WhatsApp To Share Data With Facebook As A Condition Of Use

It's not unusual to discover that apps collect data as a condition of use, but during a time when privacy has become a major focus and differentiator for companies, trying to convince consumers, some efforts to protect consumers' rights may seem counterintuitive and even deceptive.

Some might think Facebook has lost its way, especially after Facebook CEO Mark Zuckerberg’s feud with Apple, which began in earnest last month, focused on the forthcoming iOS data privacy changes that would make it more difficult for advertisers to track users.

Ads featured in The New York Times, Wall Street Journal and Washington Post slammed Apple's requirement for users to give explicit permission for apps to track them across the internet.

Ironically, the upcoming changes to the WhatsApp messaging app’s privacy policy remove the opt-out option, according to XDA-Developers. 

The changes go into effect February 8, at which time users will no longer have a choice other to accept the terms of service if they want to continue using the app.



Users of the Facebook-owned WhatsApp began receiving an in-app notice today regarding service terms and privacy policy. The notice describes three key updates that affect how WhatsApp processes user data, how businesses can use Facebook hosted services to store and manage their WhatsApp chats, and how WhatsApp will soon partner with Facebook to offer deeper integrations across all of the latter’s products.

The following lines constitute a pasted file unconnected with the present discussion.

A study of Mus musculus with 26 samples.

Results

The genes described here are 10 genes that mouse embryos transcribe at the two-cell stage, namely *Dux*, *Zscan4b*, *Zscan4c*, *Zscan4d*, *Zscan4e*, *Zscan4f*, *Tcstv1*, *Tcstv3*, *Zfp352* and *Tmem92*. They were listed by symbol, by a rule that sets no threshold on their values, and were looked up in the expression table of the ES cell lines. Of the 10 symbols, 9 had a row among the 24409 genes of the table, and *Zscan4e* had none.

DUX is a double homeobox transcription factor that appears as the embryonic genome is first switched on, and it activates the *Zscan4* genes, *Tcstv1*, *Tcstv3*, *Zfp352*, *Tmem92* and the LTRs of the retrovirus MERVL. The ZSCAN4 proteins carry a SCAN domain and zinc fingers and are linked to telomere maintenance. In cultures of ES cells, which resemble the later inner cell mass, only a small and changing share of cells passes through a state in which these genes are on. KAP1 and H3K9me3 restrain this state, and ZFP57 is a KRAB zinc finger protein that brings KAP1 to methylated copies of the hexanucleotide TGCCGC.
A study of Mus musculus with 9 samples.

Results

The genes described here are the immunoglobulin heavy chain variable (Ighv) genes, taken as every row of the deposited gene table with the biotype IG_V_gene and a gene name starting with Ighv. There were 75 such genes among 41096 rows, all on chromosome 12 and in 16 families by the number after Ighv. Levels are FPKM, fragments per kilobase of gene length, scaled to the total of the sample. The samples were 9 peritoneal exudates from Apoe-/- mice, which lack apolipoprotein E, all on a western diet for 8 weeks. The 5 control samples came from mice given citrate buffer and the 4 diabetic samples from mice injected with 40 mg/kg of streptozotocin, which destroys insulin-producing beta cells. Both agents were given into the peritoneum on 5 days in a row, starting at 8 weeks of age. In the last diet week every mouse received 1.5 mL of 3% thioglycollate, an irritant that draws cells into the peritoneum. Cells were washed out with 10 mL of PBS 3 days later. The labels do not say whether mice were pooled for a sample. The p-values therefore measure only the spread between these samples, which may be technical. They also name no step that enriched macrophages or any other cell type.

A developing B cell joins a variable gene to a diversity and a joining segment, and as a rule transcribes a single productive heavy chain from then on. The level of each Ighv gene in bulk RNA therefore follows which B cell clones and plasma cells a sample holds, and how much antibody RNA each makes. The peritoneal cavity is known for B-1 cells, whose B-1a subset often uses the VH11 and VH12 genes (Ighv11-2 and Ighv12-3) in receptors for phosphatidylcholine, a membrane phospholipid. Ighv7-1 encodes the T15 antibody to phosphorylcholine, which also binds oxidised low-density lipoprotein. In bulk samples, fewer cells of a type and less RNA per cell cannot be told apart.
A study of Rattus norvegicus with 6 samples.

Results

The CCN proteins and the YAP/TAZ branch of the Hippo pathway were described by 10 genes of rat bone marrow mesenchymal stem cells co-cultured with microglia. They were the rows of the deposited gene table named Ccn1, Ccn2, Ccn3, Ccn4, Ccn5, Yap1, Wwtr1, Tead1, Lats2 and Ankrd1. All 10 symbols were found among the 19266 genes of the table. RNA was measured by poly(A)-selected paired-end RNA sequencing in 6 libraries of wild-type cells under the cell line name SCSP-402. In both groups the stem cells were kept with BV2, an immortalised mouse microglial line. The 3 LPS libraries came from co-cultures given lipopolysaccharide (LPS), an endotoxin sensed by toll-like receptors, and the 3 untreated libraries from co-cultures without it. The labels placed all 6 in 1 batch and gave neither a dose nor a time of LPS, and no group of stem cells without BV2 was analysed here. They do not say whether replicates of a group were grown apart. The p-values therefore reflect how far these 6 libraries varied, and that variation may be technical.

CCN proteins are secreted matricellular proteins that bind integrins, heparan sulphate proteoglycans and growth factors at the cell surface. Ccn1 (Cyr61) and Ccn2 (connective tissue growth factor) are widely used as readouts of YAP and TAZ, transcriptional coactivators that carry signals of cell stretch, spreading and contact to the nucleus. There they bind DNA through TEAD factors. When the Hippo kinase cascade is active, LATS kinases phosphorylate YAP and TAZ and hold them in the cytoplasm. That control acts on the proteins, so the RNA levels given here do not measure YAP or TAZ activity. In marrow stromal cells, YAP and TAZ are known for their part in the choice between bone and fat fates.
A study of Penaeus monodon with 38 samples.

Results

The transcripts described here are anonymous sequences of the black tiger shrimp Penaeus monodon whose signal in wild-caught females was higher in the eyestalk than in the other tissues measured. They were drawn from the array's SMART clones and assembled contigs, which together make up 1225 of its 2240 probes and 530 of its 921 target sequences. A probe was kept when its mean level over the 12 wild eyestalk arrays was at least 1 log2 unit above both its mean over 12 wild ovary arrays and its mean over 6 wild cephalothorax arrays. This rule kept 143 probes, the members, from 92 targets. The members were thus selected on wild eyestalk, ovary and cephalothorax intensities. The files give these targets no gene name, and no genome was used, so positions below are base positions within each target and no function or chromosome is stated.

The information shared with other Facebook companies will include account registration information, like phone numbers; transaction data; service-related information; information on how the user interacts with others, including businesses when using its services; mobile device information; IP address, and may include other information identified in the Privacy Policy section entitled ‘Information We Collect’ or obtained upon notice to the user or based on their consent.

WhatsApp’s privacy policy was updated on January 4. 9to5Mac writes thatthe new privacy policy doesn’t apply in Europe because of stronger privacy legislation.